The Misanthrope- Moliere

The Misanthrope by Moliere is a play about manners and ethics of the French nobility. Alceste is a rather grumpy, off putting character who believes in personal integrity- in acting and talking to someone the same way as you talk and feel about them when they aren’t there (no being polite to their face and bitching behind their back- be rude to them in person too if that is how you feel!) He would rather not falsely call someone a friend, until he truly considers them as such. Most of his contempories prefer to hide negative thoughts about someone in order to follow social niceties.

Surprisingly, he has fallen in love with a socialite who loves to say witty but rude things about people she and her guests have in common. She says she loves him, but is she true?

The play contrasts the extremes of fake pleasantness vs harsh truthfullness in its characters, with only Alceste’s friend Philinte acting with a happy medium- being polite in social circumstances, but truthful when a friend needs to be told how he is going wrong.

It is a fairly pleasant read, but I found myself wondering by the end what the point really was. It is funny because recently my brother and I ended up accidentally both separately attending Tartuffe (or the Hypocrite) at the theatre on the same night. He felt like he couldn’t see why that play was written- what the point was- whereas I didn’t feel that way. Tartuffe is a play about a conman who has weaselled his way into the favour of the father of a rich family by pretending to be a holy man. He in fact is a terrible man who wants to sleep with the wife and steal all their money. He is creepy, dirty, sleazy and the type of man who makes your skin crawl, but at the start the whole family can see this but not get the dad (and grandma) to. This set it up for a good fun time of the family trying to plan how to bring him down, with lots of humour and awkwardness and catastophies and a steady drive towards the climactic confrontation. At the same time there was an underlying commentary on  people who are false or self serving in religion, and those who are gullible or seem to prefer to not look too deeply at what is going on.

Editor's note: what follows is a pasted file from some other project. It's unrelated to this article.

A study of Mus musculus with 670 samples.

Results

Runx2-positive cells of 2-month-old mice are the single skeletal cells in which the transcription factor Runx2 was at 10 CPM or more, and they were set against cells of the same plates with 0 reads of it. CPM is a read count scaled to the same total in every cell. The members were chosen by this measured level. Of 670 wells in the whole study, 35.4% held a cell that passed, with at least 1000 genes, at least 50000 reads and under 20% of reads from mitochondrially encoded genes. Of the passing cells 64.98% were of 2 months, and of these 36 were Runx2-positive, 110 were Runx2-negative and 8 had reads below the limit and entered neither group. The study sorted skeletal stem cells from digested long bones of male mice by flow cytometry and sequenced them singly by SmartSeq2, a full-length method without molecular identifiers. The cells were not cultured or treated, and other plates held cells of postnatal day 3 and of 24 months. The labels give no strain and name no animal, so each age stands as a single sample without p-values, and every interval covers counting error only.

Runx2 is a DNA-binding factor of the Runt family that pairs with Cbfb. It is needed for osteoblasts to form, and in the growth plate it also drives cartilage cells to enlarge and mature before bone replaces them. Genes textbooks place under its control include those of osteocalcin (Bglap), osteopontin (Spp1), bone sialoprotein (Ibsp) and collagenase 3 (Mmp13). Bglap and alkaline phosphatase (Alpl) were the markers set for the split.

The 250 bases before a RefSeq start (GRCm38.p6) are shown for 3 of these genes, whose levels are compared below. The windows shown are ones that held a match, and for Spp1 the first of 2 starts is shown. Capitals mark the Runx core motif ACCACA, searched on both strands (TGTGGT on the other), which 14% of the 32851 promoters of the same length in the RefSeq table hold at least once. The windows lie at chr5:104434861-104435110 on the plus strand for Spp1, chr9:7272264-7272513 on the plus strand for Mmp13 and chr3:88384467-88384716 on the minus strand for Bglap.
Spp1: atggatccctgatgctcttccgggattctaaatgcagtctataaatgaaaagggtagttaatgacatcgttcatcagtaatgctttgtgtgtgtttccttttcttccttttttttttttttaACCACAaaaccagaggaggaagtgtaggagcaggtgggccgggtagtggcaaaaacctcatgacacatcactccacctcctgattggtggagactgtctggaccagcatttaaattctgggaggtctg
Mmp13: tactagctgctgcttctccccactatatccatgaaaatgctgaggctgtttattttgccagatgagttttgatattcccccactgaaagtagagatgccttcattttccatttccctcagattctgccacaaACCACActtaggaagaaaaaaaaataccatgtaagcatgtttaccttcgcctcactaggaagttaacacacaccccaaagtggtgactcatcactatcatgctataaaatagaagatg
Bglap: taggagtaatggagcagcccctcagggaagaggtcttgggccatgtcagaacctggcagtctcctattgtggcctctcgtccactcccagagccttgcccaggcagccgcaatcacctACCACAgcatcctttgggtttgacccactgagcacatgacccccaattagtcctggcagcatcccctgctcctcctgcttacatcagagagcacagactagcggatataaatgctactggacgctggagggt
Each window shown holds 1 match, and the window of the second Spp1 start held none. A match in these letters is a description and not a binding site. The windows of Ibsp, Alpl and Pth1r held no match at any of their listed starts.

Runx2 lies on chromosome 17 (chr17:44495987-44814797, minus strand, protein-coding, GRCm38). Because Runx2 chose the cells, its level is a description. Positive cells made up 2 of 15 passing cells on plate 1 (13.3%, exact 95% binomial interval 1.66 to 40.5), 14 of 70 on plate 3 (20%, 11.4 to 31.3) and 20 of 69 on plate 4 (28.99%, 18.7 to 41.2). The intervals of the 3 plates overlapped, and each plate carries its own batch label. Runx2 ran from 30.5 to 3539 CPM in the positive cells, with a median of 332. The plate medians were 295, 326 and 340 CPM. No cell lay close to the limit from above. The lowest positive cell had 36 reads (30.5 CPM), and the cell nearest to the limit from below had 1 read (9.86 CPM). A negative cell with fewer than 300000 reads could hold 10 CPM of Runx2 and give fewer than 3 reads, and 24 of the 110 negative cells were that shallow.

I suspect that like with many plays, I would perhaps have gotten more out of the Misanthrope if I saw it performed. I suppose that the issue around where the border is between telling white lies to keep people happy and being fake, is one that holds throughout the ages and is still worth contemplating now.